Roderick Simpson seems to always know where TravelGumbo is...the Puzzlers have had a hard time hiding from him, and once again he's found the answer. He's so good at it, we've invited him to join the crew of Puzzlers...
The Library of Congress (in reality, if not title, the national library of the U.S.) is housed in one of the most ornate Beaux Arts buildings in Washington…or possibly anywhere. The puzzle picture is a look up into its dome and skylight from a gallery above the main reading room. The ornate reading room is one of the highlights of a visit to the building, whether as a scholar to use the collection or a visitor to look down from the glassed-in gallery.
The library wasn’t always so well-housed. It started as a small collection of “useful works” in the Capitol, mainly for use by members of Congress. In 1814, when British troops burned the Capitol and the White House, the library went up with it.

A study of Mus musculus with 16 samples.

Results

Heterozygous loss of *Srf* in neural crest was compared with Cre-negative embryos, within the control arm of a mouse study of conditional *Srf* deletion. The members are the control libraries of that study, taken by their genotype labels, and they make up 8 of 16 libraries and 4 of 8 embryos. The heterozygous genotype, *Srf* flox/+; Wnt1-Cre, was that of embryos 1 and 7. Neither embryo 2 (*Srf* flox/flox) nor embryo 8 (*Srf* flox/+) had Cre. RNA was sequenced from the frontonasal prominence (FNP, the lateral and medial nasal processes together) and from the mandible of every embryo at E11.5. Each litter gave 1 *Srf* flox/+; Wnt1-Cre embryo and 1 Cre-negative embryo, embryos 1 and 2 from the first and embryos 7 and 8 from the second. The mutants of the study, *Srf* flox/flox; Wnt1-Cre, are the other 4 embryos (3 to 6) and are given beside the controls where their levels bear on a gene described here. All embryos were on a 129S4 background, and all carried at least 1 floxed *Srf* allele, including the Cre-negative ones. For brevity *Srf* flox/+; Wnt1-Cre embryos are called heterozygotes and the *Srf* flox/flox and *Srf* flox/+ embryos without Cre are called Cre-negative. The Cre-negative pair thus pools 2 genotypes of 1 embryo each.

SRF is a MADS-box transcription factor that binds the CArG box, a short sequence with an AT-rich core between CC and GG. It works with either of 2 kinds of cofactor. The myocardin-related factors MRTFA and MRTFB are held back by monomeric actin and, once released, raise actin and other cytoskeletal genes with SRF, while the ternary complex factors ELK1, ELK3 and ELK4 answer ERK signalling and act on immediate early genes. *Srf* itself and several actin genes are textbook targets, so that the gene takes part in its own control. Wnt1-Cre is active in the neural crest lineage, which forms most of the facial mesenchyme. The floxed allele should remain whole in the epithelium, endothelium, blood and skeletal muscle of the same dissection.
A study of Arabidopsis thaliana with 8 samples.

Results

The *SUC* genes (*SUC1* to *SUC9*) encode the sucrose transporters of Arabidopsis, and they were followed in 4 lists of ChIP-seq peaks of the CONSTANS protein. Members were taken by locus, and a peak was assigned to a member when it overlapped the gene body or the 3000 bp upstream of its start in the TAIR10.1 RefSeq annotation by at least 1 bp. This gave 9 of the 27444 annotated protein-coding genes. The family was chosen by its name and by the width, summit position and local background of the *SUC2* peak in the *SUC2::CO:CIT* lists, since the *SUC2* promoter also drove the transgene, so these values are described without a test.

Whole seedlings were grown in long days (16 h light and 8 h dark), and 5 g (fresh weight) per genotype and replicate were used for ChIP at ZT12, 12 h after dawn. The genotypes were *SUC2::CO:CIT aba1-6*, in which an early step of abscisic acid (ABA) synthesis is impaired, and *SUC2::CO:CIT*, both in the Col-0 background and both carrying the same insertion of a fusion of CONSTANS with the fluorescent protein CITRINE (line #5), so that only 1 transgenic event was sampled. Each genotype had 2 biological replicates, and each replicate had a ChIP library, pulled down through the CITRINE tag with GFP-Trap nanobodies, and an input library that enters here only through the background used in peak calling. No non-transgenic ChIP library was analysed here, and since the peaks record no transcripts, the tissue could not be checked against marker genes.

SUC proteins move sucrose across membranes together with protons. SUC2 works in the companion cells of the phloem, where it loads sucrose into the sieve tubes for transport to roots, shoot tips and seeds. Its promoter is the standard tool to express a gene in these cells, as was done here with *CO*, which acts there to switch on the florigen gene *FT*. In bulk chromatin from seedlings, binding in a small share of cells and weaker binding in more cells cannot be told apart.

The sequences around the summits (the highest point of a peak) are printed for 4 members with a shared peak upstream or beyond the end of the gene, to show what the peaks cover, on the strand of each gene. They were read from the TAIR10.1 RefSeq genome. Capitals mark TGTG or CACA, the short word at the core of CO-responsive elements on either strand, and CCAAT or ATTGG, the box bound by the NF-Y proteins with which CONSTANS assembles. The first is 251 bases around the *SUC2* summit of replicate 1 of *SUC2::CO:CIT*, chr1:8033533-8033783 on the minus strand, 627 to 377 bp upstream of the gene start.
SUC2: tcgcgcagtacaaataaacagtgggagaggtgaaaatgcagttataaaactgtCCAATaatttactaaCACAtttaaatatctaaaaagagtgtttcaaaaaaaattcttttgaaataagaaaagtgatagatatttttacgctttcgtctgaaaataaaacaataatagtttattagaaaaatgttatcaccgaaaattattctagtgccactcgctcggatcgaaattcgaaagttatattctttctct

To rebuild the library, Congress purchased Thomas Jefferson’s personal collection of over 6000 books, for about enough to wipe out his debts. The collection grew over the years, but another fire in 1851 destroyed a lot of it, including most of Jefferson’s books. The regrowth started again, and got a big boost not only from public campaigns to replace books, but from a law requiring that two copies of every book, map, illustration or diagram published in the U.S. be deposited there.
By the 1890s, it had completely outgrown its space and become one of the world’s great libraries, and with popular support (and not a little graft) the huge and ornate Jefferson building was put up, with several stories of underground storage as well as the building you see below.
In the end, the building proved not enough; with 32 million books, 61 million other items and a vast store of digital information, the library now includes the John Adams Building, the Madison Building and a Virginia campus for its film and book preservation operations. It includes exhibit spaces in all the buildings, and the Folger Shakespeare Library…but the beating heart of the Library is the Jefferson Building and the main Reading Room.
Of course, the Library of Congress name reminds us it still has a big role as the research arm of Congress and other government branches. No accident, then it's located where it is, just across the street from the Capitol, and down the street from the Supreme Court. In fact, it's connected by a tunnel to the Capitol!